Highly complex software implementations are a well-known occurrence within many organizations. Kronos, specifically, doesn’t just provide software. We also provide a partnership leading to outcomes that will either reinforce or change behavior within your organization.
So, what elements ensure a successful project? Even after having a well-defined scope, proper resourcing, and doing initial project planning? Below are key considerations to keep in mind prior to, during, and after implementations.
1. Identify and Measure Outcomes
During a project, it is critical to ensure that the outcomes you want to achieve are fully-defined and tracked. This provides a baseline to ensure that you can tie company-wide goals (EX: boost employee engagement, increase compliance, etc.) to the project. Without clear outcomes in place, a project could finish without defined measures of success or accomplishment.
2. A Clear Escalation Path/Strong Project Sponsorship Availability
What should be done if an urgent item needs to be escalated? What if information needs to be communicated throughout the organization? Identifying a point-of-escalation, an executive sponsor, is critical. This individual’s purpose is to clear obstacles, assist with taking advantage of opportunities, and take ownership of the project’s success at an executive level within the organization. Moreover, according to the Project Management Institute (PMI), 1 out of 4 organizations report that the lack of an executive sponsor is the primary reason for project failure.
During any project, a looming risk of burnout among resources or changes in priorities may exist. This can prove fatal to a project during implementation – it is imperative to ensure that proper resourcing is available for the project to avoid timeline delays, loss of knowledge within the team, and opportunity costs associated with the project’s incompletion.
Did you know that one of five projects fail due to ineffective communications? During complex implementations, it is pivotal to ensure that all resources are fully coordinated and know a project’s status at any given time. If a lack of communication exists, there is a risk that resources will be working on different tasks at conflicting timeframes, project oversight will decline, and executive sponsorship/stakeholder reporting will become a challenge. Nevertheless, if done correctly, the opposite is known to be true – communication can be a powerful tool to ensure the project is progressing successfully.
5. Risk and Opportunity Management
Another large project downfall is the inability to properly manage risks and opportunities. As situations arise and project assumptions are tested, creating a plan to take advantage, avoid, and/or mitigate various scenarios is essential to ensuring the success of a project. The key to success is to ensure that project planning is taking a proactive approach, instead of being reactive to situations that arise.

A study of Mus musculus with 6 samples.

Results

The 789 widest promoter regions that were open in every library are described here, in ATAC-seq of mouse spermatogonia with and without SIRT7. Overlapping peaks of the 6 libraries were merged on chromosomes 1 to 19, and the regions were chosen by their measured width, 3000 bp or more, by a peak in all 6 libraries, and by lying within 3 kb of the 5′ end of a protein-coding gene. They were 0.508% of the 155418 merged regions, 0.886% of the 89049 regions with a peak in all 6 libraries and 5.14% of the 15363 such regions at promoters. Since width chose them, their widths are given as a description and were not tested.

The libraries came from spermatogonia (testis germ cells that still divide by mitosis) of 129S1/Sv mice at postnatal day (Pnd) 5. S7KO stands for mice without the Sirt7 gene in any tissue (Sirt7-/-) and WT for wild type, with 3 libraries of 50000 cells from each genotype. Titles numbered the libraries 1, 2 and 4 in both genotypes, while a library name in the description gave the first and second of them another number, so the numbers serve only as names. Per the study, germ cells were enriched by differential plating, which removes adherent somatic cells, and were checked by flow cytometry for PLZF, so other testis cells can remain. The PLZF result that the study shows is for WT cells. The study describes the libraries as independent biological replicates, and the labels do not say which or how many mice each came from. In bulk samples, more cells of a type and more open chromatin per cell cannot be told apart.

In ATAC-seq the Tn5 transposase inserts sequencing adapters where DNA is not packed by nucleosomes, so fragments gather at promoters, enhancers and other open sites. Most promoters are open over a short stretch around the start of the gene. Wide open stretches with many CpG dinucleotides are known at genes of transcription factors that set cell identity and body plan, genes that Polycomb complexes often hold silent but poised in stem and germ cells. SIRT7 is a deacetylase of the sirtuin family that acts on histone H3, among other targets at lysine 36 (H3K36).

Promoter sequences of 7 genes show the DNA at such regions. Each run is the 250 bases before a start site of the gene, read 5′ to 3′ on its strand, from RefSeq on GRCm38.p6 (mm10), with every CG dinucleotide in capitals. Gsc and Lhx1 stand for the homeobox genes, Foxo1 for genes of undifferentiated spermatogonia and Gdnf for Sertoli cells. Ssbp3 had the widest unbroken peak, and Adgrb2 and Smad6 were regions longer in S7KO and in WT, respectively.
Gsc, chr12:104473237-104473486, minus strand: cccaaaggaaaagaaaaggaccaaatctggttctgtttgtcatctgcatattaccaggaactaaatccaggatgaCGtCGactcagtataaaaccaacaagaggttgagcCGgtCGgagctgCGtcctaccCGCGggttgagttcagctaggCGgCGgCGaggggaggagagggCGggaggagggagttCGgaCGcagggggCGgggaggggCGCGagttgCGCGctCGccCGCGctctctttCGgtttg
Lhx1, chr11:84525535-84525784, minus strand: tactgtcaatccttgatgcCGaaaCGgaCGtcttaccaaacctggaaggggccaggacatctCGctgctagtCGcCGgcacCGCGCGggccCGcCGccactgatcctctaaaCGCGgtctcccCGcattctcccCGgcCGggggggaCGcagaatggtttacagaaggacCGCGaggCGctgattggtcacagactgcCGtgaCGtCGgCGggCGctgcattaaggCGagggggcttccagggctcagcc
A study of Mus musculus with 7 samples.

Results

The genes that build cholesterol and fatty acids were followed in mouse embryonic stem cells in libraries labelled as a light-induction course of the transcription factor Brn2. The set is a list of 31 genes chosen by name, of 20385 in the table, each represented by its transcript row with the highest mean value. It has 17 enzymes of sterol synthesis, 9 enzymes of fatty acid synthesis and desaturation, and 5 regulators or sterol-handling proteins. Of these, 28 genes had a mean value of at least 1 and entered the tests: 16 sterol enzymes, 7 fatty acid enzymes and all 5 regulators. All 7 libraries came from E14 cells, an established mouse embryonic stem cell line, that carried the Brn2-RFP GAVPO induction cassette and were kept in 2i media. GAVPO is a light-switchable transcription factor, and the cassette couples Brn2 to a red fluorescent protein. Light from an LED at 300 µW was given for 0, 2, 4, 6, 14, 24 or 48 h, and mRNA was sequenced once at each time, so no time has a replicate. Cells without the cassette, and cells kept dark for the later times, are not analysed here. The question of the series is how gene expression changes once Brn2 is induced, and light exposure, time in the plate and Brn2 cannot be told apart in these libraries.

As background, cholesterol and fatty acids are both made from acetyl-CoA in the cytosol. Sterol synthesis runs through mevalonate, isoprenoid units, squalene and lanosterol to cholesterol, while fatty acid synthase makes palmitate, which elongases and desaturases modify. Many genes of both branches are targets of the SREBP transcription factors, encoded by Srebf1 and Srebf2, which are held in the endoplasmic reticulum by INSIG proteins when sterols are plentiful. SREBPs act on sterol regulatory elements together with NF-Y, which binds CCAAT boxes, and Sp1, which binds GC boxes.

6. Change Management
How will the rest of the organization learn about the changes coming from the project? Change management should be starting from day 1– not only should a strong change advocate from a senior level in the organization be established, but constant communications should be provided to end-users and stakeholders about the upcoming changes. Implementing changes with Kronos can prove to be a very exciting period. Excitement is inevitable!
Training should be considered in two main facets. Not only end-user training but also the project team. Key considerations for end-users include ensuring that training materials are coordinated and distributed on-time, as well as making sure that resources are being communicated for any questions that may arise. Moreover, the project team would need to ensure that the applicable team members have taken the necessary amount of training to provide information relating to solution design, thoroughly test the application, and administer the system post-implementation.
User-Acceptance Testing (UAT) for the changes being made during implementation is critical to success. If the application is not allocated enough time for thorough UAT, a large risk of not meeting all business requirements, processes, and goals is present, affecting the project’s progress and end-user adoption. With more UAT, the more successful design considerations are to ensure that organizational outcomes are met. The great news is that Kronos offers a helpful white paper about how to successfully navigate this process and prepare for testing!
9. Project Quality Checks
Just as it is important to ensure that the product is tested thoroughly, it is equally important to ensure that project oversight and organization is effective. Providing constant feedback is highly beneficial – this ensures a constant feedback loop to resources assigned to the project to ensure that all project deliverables maintain high quality throughout the implementation. Without feedback at key points during the project, miscommunication could potentially prevail.
10. Ownership of the System Post-Implementation
After implementation, it is essential to identify a key individual, group, or even department that will host responsibility for the system. Regular maintenance and key decision making in the future will need to be considered. This ensures that project goals and outcomes that were set at the beginning of the project continue to be met post-closure.
Do you have a “pro-tip” that you’d like to share that can make or break a project? Feel free to post on the Kronos Community. We always look forward to collaboration!